Confederate veterans founded the Ku Klux Klan in Pulaski, Tennessee, in 1865. From beneath white hoods, they terrorized freedmen and Republican politicians with threats, beatings, and murder. They strived to undermine Reconstruction and restore racial subordination in the South. Faced with federal opposition, the Klan dissolved by the 1870s, but reemerged early in the next century.
In 1915, William Simmons revived the Klan atop Georgia’s Stone Mountain, organizing men around the lynching of Leo Frank, a Jewish man accused of killing a white woman. That same year, the film The Birth of a Nation debuted, presenting Klansmen as saviors of white man’s civilization and white women’s chastity. President Woodrow Wilson screened the film at the White House.
On June 7, 1920, Simmons hired publicists to grow membership for the white supremacist organization. Playing up white anxieties following the first World War, the Klan launched a “100 Percent Americanism” campaign, promoting Klansmen as defending the nation from blacks, Catholics, Jews, foreigners, and “moral offenders.” This “neat package of hatred” caught attention quickly, and within sixteen months, nearly 100,000 new members had joined.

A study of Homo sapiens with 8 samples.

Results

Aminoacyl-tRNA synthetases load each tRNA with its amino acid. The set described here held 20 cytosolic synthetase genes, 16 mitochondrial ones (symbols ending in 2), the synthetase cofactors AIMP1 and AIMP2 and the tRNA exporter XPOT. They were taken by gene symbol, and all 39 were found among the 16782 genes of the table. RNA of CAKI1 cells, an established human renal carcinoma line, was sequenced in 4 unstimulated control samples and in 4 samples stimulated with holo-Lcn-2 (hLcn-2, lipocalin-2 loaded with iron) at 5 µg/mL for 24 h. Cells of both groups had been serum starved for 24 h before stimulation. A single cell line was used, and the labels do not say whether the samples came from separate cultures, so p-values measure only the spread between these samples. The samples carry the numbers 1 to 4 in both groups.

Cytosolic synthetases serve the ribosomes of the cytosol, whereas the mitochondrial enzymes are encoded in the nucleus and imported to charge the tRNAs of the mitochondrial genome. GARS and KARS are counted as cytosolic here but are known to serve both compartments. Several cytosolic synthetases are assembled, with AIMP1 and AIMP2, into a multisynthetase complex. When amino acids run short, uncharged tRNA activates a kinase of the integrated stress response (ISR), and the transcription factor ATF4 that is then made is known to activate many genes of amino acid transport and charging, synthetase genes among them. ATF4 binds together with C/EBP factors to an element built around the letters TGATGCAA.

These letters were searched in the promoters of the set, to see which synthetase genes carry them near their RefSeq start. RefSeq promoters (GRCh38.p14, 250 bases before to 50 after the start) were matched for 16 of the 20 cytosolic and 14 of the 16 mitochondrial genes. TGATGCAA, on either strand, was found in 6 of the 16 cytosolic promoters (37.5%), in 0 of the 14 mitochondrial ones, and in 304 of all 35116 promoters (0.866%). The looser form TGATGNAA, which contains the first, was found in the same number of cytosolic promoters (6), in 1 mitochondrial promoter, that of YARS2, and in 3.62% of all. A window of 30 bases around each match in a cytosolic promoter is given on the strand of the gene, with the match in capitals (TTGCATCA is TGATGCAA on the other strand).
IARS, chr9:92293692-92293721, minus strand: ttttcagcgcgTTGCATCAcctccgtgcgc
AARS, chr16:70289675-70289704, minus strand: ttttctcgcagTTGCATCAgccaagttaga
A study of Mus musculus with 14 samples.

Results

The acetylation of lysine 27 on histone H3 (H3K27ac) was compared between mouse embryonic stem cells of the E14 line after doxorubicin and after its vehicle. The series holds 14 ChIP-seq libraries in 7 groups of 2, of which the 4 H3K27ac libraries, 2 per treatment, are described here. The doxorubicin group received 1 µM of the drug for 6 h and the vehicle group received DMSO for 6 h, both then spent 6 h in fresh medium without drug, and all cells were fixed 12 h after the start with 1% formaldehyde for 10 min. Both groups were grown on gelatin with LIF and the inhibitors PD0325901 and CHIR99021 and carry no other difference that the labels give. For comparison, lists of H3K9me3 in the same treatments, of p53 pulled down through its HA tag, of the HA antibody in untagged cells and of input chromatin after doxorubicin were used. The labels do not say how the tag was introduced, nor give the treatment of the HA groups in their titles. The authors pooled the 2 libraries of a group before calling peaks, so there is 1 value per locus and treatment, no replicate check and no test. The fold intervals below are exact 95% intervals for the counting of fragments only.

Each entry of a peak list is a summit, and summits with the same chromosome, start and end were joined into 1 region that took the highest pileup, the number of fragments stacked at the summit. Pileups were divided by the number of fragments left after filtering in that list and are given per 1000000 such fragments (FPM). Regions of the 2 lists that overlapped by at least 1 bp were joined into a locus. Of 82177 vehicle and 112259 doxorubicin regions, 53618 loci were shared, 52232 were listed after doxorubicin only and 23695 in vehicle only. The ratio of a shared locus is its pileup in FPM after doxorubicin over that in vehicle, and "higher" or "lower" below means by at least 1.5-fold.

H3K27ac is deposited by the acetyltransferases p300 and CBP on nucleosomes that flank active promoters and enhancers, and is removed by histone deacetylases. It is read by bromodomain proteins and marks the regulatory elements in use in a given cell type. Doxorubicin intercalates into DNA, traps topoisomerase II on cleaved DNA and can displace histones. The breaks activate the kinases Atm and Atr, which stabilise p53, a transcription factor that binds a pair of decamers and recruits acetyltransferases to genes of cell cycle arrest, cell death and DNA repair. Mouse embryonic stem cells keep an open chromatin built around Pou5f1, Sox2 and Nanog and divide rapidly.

In 1921, public pressure prompted Congress to investigate Klan violence and undue influence in local and state governments, but when Klan officials denied the allegations, Congress ended its inquiry. Immediately thereafter, new Klan membership applications jumped to 5000 per day. By 1924, there were three million active members nationwide, including 35,000 in Detroit, 55,000 in Chicago, 200,000 in Ohio, 240,000 in Indiana, and 260,000 in Pennsylvania.
“The Equal Justice Initiative (EJI) is proud to present A History of Racial Injustice – 2018 Calendar. America’s history of racial inequality continues to undermine fair treatment, equal justice, and opportunity for many Americans. The genocide of Native people, the legacy of slavery and racial terror, and the legally supported abuse of racial minorities are not well understood. EJI believes that a deeper engagement with our nation’s history of racial injustice is important to addressing present-day questions of social justice and equality.